My main reaction to the Matt Lauer interview with Rachel Dolezal was a big Scooby-Doo "Huh?" complete with a gravelly upward inflection. Her inability to answer the simplest questions -- Are you Caucasian? Are you African-American? -- was puzzling given how much exposure her ethnic trick-or-treating had been given on every single possible media platform. I would've had far more respect for her if she had said, "I'm white, but this is the group of people I love and with whom I identify. And my hair looks fucking fabulous."
Sadly, those weren't her answers. Sadder still was the inference that it wouldn't have been plausible for her to be the mother of her black children as a white woman. To wit: "I've actually had to go there with the experience ... the point at which that really solidified was when I got full custody of Isaiah and he said, 'You're my real mom.' He's in high school, and for that to be something that is plausible, I certainly can't be seen as white and be Isaiah's mom." As a gay Asian man married to a white man with an adopted black son, I would have to disagree.
In my Showtime special Alec Mapa: Baby Daddy (available at Showtime on Demand or as a digital download at AlecMapa.com) I speak at length about transracial adoption and how it's transformed our lives. My husband and I are the very plausible parents of a black son, but that hasn't given either of us the experience of blackness. I'm a Filipino man from San Francisco. My husband is Cajun, born in Louisiana. Our perception of the world through those respective lenses is hardwired. We adopted our son when he was 5 years old and had to be up front about our differences immediately. I explained I was Filipino, Papa was Cajun, which made him a little French, and that he was African-American. Yes, none of us look alike, but the thing that made us a family was that we embraced each other's differences and that we loved each other. Picking him up from his first day of kindergarten a classmate asked my son, "You have two dads?" My son said, "Yes!" "Why?" his classmate pressed. "Because we're French!" he answered loudly.
Rachel Dolezal's opinion that she would only be plausible as the parent of a black child as a black woman is not unique. As recently as 1972 it was the officially held position of the National Association of Black Social Workers that transracial adoption was detrimental to the well-being of black children. Fearing that transracial adoption inevitably led to the complete loss of cultural identity, an official statement dated September 1972 read:
"The National Association of Black Social Workers has taken the vehement stand against the placement of black children in white homes for any reason. We affirm the inviolable position of Black Children in Black families where they belong physically, psychologically, and culturally in order that they receive the total sense of themselves and develop a sound projection of their future."
This position was no longer tenable after the Multi-Ethnic Placement Act was passed by Congress in 1994 as part of federal efforts to reduce mounting delays in the permanent placement of children in adoptive homes. The major provisions of this act prohibited agencies from refusing or delaying foster or adoptive placements because of a child or parent's race, color, or national origin.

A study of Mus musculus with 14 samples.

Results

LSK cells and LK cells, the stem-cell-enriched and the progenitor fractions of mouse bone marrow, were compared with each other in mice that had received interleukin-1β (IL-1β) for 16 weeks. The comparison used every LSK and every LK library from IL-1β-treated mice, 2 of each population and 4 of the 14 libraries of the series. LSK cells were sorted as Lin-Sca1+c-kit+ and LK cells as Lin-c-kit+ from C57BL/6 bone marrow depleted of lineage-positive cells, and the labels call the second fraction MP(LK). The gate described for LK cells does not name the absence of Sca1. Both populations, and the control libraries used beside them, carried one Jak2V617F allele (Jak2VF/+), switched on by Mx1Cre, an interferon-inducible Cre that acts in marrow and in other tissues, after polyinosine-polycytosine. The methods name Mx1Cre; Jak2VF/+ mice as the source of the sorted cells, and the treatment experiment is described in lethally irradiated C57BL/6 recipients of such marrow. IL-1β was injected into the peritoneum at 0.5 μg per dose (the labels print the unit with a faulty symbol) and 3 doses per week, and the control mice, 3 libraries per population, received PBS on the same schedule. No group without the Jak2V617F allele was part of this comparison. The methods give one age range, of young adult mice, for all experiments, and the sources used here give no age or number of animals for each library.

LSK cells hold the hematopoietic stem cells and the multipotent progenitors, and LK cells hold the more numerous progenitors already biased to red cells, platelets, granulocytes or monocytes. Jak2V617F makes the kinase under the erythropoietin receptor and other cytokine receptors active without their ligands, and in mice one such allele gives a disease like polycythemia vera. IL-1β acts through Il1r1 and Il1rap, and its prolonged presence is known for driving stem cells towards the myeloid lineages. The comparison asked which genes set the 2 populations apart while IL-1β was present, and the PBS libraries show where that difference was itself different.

It was this act that made families such as mine possible. I fully understand that the loss of cultural identity is a very real hazard in transracial adoption. If I'd been adopted by a white parents, no amount of chicken adobo or pancit would give me the context of what it would be like to be raised by Filipino parents. Similarly, my husband and I can never give my son the experience of being raised by black parents. One of the biggest parts of honoring our son's racial identity is recognizing the limits of our own. To say we own the experience of blackness simply because our son is black would be preposterous and inaccurate. We try to empower him with as much knowledge and history as humanly possible and supply him with positive black role models who can impart firsthand what it means to be black in this country. We may not have all the answers my son needs to know who he is, but we are determined to help him find them. Our greatest hope is that his identity will be shaped by how much he is loved and respected by us.
Luckily, the things my son needs most -- safety, stability, love, and affection -- do not require us to be a specific ethnicity. Effective parenting requires us both be present and give our best effort on daily basis. It's not for everyone. When we adopted our son, my fabulous friend and fellow gay dad Michael Shepperd said, "Well, you black now." Michael is a 6-foot-6 black man with a basement-deep, sonorous voice, which makes me accept anything he says as the gospel truth. What he meant was, having a black child would permanently change us, and it did. My husband is still white, and I'm still Asian, but the biggest difference is everything that affects black people in this country now directly affects us as a family. The 12-year-old shot dead by the police while playing with a toy gun, a girl held facedown on the pavement for attending a pool party, parishioners viciously murdered as they worshipped -- as parents of a black son, those are the injustices that infuriate us. Those are the stories that keep us up at night. That anxiety doesn't make us black. It makes us empathetic.
ALEC MAPA is an actor, writer, and comedian. He most recently appeared on Lifetime's Devious Maids and wrote and starred in Alec Mapa: Baby Daddy. Mapa lives in Los Angeles with his husband and son.